Text © Pierluigi Angeli
English translation by Mario Beltramini
Family: Tricholomataceae R. Heim ex Pouzar 1983.
Genus: Laccaria Berkeley & Broome 1883.
Laccaria amethystina (Hudson) Cooke, 1884.
The name of this species comes from the Latin “amethysteus”, which reminds the amethyst, of pale violaceous colour.
Description of the genus
The genus Laccaria groups species with little fleshy cap, flesh-coloured, orange rose, lilac violaceous, brown-purple; adnate to decurrent-adnate gills, spaced, thick, broad, coloured; the spores are aculeate, if smooth with thick wall, white in mass.
Description of the species
Cap: 0,5-5 cm, convex at the beginning, then flattened and even depressed at the centre; margin, in the young fungus, rounded then straight, undulate, rugged. The cuticle is smooth, felted, opaque, hygrophanous; fully violet-amethyst; when the weather is dry, it may be found also bluish-grey, cream-ochre or dirty white with lilac-coloured reflexes.
Hymenium: adnate gills and also little decurrent, much spaced, broad, thick, anastomosed on the back, intercalated by variously long gills, bright violet, pruinose (lens), irregular edge.
Stem: 4-6 x 0,3-0,8 cm, cylindroid, somewhat enlarged at the base, at times straight, at times undulate, longitudinally striated by white fibrillae on amethyst-violet background, paler at the base of the stem, which is covered by a white down.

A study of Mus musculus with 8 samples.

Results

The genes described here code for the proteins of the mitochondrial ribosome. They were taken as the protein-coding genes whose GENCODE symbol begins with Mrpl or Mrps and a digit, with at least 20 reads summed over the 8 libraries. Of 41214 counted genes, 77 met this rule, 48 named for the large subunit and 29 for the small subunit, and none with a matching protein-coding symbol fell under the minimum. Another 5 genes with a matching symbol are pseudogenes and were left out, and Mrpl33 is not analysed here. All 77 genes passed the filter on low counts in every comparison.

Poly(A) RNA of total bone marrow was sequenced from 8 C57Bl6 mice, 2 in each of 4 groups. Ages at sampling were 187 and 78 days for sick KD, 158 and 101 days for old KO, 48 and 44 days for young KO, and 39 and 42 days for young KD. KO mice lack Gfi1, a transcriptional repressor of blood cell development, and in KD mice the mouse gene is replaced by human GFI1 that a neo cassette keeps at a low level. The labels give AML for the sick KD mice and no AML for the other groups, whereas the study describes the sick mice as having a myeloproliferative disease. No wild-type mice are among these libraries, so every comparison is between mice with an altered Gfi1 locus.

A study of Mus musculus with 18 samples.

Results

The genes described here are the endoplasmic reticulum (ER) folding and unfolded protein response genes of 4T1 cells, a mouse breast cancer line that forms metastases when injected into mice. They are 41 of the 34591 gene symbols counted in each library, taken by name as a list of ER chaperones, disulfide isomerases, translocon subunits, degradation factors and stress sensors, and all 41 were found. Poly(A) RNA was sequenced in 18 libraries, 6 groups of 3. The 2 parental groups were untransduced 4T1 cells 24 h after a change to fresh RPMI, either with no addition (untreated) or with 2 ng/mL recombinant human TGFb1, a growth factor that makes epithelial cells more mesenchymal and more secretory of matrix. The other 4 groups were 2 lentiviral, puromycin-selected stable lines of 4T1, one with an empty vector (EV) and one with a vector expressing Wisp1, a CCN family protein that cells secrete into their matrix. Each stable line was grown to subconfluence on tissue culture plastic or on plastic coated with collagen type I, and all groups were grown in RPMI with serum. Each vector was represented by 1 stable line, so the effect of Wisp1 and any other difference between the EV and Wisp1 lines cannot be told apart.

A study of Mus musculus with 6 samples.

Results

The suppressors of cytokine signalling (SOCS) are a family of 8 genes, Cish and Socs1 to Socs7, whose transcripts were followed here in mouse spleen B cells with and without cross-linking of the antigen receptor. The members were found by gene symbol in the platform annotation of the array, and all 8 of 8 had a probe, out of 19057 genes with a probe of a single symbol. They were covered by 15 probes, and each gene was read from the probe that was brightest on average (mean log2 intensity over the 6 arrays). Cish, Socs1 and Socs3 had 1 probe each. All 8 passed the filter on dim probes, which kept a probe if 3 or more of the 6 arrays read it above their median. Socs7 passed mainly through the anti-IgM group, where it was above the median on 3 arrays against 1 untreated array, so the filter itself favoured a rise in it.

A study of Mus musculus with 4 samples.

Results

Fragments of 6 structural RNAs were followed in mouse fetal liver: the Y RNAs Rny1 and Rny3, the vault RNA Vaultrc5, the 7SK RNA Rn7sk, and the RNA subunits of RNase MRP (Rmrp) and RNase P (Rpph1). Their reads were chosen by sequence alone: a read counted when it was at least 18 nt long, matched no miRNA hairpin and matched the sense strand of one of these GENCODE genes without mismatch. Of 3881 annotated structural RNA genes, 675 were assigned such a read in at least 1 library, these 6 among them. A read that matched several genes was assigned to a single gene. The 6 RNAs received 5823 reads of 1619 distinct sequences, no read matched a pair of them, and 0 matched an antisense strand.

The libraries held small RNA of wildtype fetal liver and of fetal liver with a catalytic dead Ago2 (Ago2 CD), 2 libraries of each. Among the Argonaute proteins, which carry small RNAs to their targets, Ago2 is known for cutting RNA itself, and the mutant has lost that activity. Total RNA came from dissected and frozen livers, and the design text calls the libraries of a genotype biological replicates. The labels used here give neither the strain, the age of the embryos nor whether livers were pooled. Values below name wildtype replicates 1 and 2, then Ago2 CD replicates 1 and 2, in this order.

Flesh: exiguous and frail in the hat, fibrillose in the stem; violet, losing colour towards the base to become violet-grey. It has mild smell and taste.
Habitat: growing in summer and autumn on soils rich in humus, both under latifolious and coniferous trees.
Edibility: without any gastronomic value.
Microscopy: spores: subglobose, aculeate, 8-11 × 7-9,5 µm. Basidia: clavate, tetrasporic, with joint buckles. Cystidia: filiform or vesicular.
Remarks: It is an unmistakable species, due to the amethyst-violet colour present on the cap as well as on the stem; only in very dry weather old specimens may lose their typical colour and create some difficulties in determining them. It is a rather common species which prefers the humid and cool woods of both latifolious and coniferous trees.
Basionym: Agaricus amethystinus Hudson, Flora anglica: 612, 1778.
Synonyms: Collybia amethystina (Hudson) Quélet, Flore mycologique de la France et des pays limitrophes, 237, 1888; Russuliopsis laccata var. amethystina (Cooke) J. Schröter, Kryptogamen-Flora von Schlesien 3-1(1): 623, 1885; Laccaria hudsonii Pázmány, Zeitschrift für Mykologie 60(1): 7 1994.